Yahoo's stock fell Monday as investors grappled with uncertainty about the Internet company's future in the wake of last week's record-setting Wall Street debut by the Chinese e-commerce giant Alibaba.
Silicon Valley-based Yahoo reaped more than $9 billion from selling some of its shares in Alibaba's initial public offering, and the company has promised to return at least half of the after-tax proceeds to shareholders - likely through stock buy-backs. While CEO Marissa Mayer has not said what she'll do with the rest of the proceeds, analysts believe she could use the remaining $3 billion or so for acquisitions to help Yahoo revive its struggling advertising business and expand its online video programming.
But at least some investors are fleeing Yahoo now that they're able to buy Alibaba shares directly, according to Brian Wieser, an Internet stocks analyst at Pivotal Research. Prior to Alibaba's IPO, Yahoo — due to its large stake in the Chinese company — was one of the few ways U.S. investors could tap into the growth of e-commerce in the world's most populous country.
Yahoo's stock has risen more than 30 percent over the last year, largely on the strength of investor excitement about Alibaba's booming business. Yahoo shares fell 5 percent to $38.81 Monday afternoon.
Many investors lack optimism about Mayer's chances of regaining some of the advertising business that Yahoo lost in recent years to newer rivals like Google and Facebook.
"My expectations for Yahoo's core business are pretty muted," Wieser said. "There should be pretty tepid growth, if any, in the near term."
That didn't stop Wieser and a handful of other analysts from raising their price targets for Yahoo's stock. Yahoo, which acquired its stake in Alibaba back in 2005, still holds more than 380 million shares in Alibaba, worth more than $34 billion at Monday's trading price.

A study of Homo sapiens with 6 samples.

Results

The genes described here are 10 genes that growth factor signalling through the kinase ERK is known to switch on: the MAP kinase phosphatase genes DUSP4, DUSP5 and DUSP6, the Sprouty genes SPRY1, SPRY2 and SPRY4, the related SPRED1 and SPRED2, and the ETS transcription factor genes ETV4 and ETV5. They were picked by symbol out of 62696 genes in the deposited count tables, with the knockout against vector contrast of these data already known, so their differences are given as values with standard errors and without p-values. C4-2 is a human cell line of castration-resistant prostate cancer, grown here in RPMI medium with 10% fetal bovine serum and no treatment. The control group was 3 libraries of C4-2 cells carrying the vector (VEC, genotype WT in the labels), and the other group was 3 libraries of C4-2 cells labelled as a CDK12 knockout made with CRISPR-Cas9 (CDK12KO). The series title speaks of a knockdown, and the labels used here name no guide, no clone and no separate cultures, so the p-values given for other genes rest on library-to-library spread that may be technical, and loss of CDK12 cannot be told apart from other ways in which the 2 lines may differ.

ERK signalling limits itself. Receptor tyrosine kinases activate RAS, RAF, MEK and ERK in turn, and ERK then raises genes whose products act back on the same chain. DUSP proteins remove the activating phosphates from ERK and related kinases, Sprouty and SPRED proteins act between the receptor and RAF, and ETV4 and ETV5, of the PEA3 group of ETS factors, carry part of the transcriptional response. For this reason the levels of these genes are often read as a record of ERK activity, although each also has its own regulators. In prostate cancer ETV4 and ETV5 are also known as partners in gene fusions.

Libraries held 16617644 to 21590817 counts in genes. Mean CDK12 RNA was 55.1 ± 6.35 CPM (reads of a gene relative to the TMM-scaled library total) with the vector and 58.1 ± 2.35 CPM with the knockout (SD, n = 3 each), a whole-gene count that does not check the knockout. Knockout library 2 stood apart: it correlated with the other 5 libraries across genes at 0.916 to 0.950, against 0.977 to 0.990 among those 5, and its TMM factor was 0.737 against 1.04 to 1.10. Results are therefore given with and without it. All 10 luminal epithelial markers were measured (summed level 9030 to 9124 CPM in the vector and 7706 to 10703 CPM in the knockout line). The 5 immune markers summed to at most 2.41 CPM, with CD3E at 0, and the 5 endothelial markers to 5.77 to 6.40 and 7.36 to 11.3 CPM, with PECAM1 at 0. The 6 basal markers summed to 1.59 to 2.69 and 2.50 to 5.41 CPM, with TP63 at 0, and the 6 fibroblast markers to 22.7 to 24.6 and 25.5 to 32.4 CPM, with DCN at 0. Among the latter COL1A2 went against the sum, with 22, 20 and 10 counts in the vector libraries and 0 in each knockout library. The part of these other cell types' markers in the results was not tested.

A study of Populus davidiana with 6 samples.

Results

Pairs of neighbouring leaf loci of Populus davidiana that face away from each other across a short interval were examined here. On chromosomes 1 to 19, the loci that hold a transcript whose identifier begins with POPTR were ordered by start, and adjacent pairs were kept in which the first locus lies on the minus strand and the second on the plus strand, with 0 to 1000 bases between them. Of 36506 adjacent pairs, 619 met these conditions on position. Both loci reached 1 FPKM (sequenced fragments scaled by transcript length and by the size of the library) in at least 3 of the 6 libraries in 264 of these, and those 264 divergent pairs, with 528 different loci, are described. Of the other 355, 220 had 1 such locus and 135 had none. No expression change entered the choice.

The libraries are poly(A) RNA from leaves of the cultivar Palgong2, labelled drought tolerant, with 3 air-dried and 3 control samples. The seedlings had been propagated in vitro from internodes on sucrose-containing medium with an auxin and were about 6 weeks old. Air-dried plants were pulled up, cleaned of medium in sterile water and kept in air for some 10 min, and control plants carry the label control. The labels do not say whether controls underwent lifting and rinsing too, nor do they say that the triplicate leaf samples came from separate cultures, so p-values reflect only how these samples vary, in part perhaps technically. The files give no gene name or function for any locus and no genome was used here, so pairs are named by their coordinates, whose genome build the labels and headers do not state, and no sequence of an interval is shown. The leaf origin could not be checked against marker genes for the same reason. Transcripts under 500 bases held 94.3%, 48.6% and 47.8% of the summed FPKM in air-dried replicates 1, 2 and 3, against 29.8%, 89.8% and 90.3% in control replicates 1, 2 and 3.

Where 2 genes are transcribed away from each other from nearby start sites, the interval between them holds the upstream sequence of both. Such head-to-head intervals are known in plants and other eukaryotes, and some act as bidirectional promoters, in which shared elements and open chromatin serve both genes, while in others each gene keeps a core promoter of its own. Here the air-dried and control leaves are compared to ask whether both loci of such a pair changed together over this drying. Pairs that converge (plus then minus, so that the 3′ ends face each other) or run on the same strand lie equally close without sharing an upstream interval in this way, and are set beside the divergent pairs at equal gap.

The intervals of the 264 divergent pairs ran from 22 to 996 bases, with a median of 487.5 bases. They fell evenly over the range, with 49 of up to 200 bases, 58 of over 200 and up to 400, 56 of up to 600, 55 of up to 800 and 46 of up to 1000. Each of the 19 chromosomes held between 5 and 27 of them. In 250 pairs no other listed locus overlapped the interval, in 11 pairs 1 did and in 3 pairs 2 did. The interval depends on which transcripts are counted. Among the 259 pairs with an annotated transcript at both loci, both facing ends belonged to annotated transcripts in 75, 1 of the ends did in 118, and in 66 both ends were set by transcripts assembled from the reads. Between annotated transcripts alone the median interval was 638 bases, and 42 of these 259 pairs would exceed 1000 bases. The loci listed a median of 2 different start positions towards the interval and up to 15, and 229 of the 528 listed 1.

The remaining stake in Alibaba raises the possibility of a big, future payday for Yahoo investors if the company sells more of its shares in the future.
Those Alibaba shares also represent the bulk of Yahoo's stock market value of $38.5 billion, suggesting that investors are putting little value in the company's core business. Since she was hired from Google two years ago, Mayer has overhauled Yahoo's online services and hired some big names like former CBS newscaster Katie Couric to anchor Yahoo's online news operation. Mayer has also begun to modernize Yahoo's online advertising programs. But sales have remained flat in recent quarters while other major online companies have seen significant advertising growth.
Mayer could use some of the new Alibaba cash to continue a buying spree that has seen Yahoo acquire dozens of smaller companies since she became CEO. While many of those deals were aimed at acquiring technology or talent to help improve Yahoo's online consumer offerings, Mayer has more recently turned her attention to the company's advertising platform and its video programming.
While there's always the possibility of a headline-grabbing deal, on the scale of Mayer's move to buy the social blogging service Tumblr for $1 billion last year, analyst Martin Pyykkonen of Rosenblatt Securities said in a recent report that it's more likely she will focus on smaller deals to improve Yahoo's advertising technology. One area of focus might be to enhance the company's automated selling tools, which critics say are not as powerful or effective as Google's or Facebook's.
Some analysts have speculated that Yahoo could buy AOL — or that AOL might try to buy Yahoo. But Wieser said it seems unlikely that either company's management would agree to be acquired by the other.